Harry Reid’s Nuclear Decision Makes 2014 Senate Races Critical

November 26th, 2013

Back when I was in school, the Cold War was ongoing.  History and government classes focused almost exclusively on what the U.S.S.R. was likely to do with its arsenal of nuclear weapons.

One concept discussed and studied was MAD or mutual assured destruction.  The theory was that both the United States and U.S.S.R. possessed sufficient nuclear weapons to destroy each other.  Given that, neither side would ever dare be the first to use them since that would guarantee their own demise in the retaliation surely to follow.

For the past several years, Republicans and Democrats in the Senate at various times have threatened to unleash what became known as the “nuclear option” effectively gutting the ability of those in the minority to block a president’s appointment power via a filibuster. Since the Senate rules on filibusters existed for over two hundred years, despite the threats, no one really expected either side to actually unleash the nuclear option.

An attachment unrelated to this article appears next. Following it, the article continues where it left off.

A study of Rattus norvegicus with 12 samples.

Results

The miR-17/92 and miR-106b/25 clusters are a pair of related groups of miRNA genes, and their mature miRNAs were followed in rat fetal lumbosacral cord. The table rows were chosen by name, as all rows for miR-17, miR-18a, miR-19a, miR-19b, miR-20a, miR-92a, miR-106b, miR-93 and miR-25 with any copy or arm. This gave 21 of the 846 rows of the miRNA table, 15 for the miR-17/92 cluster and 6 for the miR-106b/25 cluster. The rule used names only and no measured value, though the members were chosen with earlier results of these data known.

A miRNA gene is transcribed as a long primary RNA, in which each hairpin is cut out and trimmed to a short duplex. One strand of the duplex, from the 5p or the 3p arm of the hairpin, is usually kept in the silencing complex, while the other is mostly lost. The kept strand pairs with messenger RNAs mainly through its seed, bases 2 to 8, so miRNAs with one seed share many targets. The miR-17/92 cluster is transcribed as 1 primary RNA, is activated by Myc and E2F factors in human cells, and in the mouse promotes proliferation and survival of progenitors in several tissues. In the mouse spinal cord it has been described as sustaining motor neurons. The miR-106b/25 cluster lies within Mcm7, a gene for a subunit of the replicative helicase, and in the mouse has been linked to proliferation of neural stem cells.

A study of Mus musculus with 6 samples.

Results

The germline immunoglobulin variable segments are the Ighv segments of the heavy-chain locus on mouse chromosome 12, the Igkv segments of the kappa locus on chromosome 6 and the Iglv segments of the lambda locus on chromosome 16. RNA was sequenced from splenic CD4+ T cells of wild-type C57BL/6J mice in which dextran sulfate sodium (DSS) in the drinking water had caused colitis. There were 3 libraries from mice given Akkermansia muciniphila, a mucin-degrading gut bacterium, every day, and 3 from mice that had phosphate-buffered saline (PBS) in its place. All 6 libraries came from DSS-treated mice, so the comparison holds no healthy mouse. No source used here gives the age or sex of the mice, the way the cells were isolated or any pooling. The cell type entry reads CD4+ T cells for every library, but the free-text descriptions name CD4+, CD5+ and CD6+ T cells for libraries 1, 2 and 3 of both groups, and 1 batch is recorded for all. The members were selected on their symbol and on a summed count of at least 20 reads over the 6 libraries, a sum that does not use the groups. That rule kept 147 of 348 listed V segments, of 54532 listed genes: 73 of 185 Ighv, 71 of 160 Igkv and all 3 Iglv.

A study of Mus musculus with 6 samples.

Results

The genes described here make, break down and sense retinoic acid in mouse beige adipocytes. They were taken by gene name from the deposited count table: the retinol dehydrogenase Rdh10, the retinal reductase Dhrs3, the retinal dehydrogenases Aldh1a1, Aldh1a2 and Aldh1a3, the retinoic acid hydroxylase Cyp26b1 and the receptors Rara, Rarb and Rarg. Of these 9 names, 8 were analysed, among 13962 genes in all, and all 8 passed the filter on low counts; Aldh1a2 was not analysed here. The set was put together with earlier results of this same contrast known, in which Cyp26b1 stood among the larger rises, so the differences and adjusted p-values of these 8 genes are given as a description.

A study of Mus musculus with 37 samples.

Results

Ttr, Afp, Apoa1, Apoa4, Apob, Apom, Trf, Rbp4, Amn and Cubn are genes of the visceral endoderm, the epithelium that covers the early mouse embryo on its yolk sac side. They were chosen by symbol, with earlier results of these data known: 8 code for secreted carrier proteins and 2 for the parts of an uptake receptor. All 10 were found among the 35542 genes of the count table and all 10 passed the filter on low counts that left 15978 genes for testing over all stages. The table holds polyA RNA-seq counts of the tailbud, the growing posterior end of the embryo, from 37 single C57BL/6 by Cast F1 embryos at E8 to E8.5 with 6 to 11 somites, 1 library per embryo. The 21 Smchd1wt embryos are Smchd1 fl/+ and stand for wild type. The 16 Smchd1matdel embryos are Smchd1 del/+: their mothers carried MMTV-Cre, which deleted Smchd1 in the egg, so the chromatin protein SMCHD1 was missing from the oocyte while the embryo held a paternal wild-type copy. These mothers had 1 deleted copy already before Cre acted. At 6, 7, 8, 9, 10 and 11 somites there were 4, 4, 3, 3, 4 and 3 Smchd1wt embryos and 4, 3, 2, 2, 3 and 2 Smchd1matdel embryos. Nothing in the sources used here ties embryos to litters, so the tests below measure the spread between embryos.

That was until last Friday when Senate Majority Leader Harry Reid and his fellow Democrats did just that.

The response from the other side was predictable.

Expect retaliation.

Senate Minority Leader Mitch McConnell promised as much announcing, “I say to my friend on the other side of the aisle:  you’ll regret this.  And you may regret it a lot sooner than you think.”

So why did Reid & Company decide it’s time to “go nuclear?” Some attribute the decision to a heavy lobbying effort by President Obama who is eager to push through his far left nominees.  Others believe the Democrats are increasingly concerned that they may not control the Senate a year from now.

And what kind of nominees did Reid decide upending two hundred years of Senate tradition was worth?

Georgetown law professor, Cornelia Pillard, nominated for the very powerful D.C. Circuit Court of Appeals, is one example.  She is best known for her extremist pro-abortion and feminist views.  For example, she wrote, “Reproductive rights, including the rights to contraception and abortion, play a central role in freeing women from historically routine conscription into maternity.”

She also wrote:  “Anti-abortion laws and other restraints on reproductive freedom not only enforce women’s incubation of unwanted pregnancies but also prescribe a ‘norm of the woman’s role’ as mother and caretaker of children in a way that is at odds with equal protection.”

Harry Reid just made the majority in the U.S. Senate nearly all-powerful.  If that’s the case, it is now clearly imperative that the GOP reclaims control of that body in 2014.